A Compassionate Spy (2022)

A Compassionate Spy (2022)

An uncommonly intimate look at the personal impact of the Manhattan Project, one that avoids oversimplification despite its unabashed partiality



United States of America
Documentary, Drama
102 min


It’s quite a feat Joan Hall pulls off, stealing the thunder in a movie with as fascinating a subject as this.

What it's about

An exploration of the motivations, political impact, and personal legacy of Ted Hall, a young Manhattan Project physicist who leaked nuclear secrets to the USSR.

The take

As its title suggests, Steve James’ documentary isn’t shy about its sympathy for its subject. Physicist Ted Hall was just 18 when he was recruited to the Manhattan Project and underwent a crisis of conscience when it became apparent that the atomic bomb’s ostensible target — Nazi Germany — was on the brink of defeat. Concerned by the possibility that, post-WW2, the US would achieve a nuclear monopoly and become a new kind of imperialist power, Ted and friend Saville Sax leaked key information to the USSR.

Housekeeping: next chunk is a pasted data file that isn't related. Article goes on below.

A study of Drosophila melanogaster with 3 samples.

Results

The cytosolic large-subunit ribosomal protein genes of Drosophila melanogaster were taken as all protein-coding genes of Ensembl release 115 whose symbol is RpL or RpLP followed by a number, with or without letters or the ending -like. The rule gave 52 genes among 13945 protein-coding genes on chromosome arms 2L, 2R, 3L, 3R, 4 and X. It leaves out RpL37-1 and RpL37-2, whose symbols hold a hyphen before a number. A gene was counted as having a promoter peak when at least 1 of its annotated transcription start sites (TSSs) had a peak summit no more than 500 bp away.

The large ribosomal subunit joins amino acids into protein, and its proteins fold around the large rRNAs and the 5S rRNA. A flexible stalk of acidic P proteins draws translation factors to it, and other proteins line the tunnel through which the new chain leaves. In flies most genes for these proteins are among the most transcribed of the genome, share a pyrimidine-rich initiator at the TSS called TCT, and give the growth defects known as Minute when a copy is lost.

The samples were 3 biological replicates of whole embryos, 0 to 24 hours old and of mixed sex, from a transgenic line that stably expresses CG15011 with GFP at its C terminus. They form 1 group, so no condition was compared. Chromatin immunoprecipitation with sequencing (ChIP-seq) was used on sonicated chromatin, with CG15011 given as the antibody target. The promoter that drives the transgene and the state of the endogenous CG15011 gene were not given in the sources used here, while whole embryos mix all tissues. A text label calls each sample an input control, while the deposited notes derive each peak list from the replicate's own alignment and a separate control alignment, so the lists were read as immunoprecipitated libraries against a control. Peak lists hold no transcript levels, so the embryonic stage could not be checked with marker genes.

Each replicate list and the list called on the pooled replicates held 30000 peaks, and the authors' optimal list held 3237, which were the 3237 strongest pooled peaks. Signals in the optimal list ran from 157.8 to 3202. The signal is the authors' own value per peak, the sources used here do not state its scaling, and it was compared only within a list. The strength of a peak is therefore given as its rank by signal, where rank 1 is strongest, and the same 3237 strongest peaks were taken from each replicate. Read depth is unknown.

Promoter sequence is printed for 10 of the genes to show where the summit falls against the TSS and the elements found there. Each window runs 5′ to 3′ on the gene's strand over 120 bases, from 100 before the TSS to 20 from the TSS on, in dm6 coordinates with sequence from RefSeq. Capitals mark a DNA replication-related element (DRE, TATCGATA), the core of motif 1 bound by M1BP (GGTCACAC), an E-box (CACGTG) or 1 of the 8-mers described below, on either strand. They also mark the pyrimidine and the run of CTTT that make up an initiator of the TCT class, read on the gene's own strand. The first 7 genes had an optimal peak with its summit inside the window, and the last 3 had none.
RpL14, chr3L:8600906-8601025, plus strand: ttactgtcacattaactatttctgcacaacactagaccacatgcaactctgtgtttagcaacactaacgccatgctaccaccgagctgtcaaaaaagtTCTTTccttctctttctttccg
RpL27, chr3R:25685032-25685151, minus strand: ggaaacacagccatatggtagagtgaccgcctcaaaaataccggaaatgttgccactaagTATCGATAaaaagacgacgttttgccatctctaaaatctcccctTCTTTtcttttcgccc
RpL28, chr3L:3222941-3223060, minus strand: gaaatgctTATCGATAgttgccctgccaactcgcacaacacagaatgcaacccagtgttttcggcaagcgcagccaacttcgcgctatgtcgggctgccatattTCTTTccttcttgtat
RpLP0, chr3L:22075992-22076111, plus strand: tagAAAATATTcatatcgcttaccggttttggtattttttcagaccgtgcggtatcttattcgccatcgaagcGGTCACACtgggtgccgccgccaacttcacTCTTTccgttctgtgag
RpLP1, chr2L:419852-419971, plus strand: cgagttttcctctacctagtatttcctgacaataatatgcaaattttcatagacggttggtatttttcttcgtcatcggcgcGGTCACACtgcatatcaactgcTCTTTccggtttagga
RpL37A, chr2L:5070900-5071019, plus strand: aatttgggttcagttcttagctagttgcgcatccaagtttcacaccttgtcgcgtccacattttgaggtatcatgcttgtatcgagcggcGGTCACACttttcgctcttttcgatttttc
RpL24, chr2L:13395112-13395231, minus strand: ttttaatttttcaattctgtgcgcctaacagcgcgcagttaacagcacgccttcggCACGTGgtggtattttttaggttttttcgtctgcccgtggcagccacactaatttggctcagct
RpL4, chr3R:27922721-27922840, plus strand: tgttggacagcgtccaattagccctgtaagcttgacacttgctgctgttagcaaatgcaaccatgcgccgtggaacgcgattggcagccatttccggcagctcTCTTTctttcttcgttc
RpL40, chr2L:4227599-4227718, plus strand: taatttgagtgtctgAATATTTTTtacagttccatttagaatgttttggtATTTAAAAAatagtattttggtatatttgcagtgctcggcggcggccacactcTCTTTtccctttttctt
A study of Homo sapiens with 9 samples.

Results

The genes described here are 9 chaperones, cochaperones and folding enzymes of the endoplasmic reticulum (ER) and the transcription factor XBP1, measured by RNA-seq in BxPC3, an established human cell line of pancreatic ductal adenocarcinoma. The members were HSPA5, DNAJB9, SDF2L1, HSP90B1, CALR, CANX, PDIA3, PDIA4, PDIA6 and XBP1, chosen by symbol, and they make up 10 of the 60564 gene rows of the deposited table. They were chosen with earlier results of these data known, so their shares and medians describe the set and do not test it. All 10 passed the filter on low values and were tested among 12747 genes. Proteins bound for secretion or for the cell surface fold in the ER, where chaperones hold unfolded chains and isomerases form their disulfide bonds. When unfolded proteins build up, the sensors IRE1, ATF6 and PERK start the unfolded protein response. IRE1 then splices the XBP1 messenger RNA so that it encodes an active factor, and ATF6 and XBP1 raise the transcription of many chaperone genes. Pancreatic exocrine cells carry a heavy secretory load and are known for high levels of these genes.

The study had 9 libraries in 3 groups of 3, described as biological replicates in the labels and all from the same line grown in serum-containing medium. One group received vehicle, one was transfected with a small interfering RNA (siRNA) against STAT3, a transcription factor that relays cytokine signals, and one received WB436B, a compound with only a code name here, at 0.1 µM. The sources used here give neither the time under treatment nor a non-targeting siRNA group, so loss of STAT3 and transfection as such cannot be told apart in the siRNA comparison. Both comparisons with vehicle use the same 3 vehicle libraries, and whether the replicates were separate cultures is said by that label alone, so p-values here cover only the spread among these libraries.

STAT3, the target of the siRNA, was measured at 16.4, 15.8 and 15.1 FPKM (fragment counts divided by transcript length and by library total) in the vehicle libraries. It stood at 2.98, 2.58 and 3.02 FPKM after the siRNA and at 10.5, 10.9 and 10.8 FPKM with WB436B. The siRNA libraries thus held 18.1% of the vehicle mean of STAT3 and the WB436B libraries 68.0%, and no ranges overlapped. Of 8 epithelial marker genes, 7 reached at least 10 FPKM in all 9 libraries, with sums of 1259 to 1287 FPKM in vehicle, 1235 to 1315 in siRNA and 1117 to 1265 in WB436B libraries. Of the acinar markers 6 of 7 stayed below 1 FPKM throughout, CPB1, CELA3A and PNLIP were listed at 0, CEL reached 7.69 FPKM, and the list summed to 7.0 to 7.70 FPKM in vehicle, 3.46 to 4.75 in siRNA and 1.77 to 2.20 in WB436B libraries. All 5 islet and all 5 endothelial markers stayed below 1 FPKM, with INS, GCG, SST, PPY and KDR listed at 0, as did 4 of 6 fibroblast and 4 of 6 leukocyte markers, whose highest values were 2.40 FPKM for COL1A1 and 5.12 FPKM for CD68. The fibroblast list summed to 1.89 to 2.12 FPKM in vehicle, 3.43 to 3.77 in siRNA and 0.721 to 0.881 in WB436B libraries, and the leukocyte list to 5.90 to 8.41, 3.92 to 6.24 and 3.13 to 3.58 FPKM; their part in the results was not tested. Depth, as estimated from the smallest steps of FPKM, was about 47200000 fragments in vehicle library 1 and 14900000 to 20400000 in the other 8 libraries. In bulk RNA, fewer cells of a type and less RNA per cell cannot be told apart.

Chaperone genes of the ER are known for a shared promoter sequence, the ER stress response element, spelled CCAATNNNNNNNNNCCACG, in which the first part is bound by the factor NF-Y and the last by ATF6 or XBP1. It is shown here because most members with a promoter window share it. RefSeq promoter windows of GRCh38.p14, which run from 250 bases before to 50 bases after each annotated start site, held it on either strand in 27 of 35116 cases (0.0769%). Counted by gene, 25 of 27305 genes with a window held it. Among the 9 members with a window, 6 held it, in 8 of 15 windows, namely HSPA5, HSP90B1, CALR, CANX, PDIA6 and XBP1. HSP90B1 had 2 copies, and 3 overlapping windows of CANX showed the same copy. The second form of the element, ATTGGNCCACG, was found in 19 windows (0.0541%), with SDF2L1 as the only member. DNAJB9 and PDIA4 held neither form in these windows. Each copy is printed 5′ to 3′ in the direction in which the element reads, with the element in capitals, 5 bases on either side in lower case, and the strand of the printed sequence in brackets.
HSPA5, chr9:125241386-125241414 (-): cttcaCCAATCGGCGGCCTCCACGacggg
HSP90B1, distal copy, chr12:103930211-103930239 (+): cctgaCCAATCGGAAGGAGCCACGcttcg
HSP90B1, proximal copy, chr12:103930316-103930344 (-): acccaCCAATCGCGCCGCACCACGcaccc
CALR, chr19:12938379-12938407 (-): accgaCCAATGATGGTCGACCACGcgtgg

James’ film takes a decidedly intimate approach: while it dips into archival interviews Ted gave before his death and provides background context via scholars, it’s mostly led by Ted’s wife Joan, a spirited interviewee. Her moving contributions expand the film’s scope, making it as much a portrait of a marriage as a study of the political impact his actions had. James also interviews their children — as well as those of his partner-in-espionage, Saville — to explore the conflicted personal legacy their actions left. In not limiting itself to a macro perspective, the film opens itself up to be more than a look in history’s dusty rear-view mirror, making it a welcome tonic to the Wikipedia-style approach commonly employed for subjects like this.

What stands out

It’s clear that James’ opinion of his subject is a deeply sympathetic one — and it’s easy to see how he arrived at that judgment when you hear Ted’s motivations first-hand and consider that he was one of the few scientists at Los Alamos who felt moved enough to actually act on their ethical misgivings. To its credit, though, the documentary also explores the moral crisis that tormented Ted in his later years as a result of revelations about Stalin’s actions in the USSR. The film’s self-awareness in this regard — its recognition that things might not have been so clear cut, even for Ted — as well as its empathetic focus on the impact his actions had on his loved ones open up avenues for even critics of Ted’s actions to engage with its fascinating material.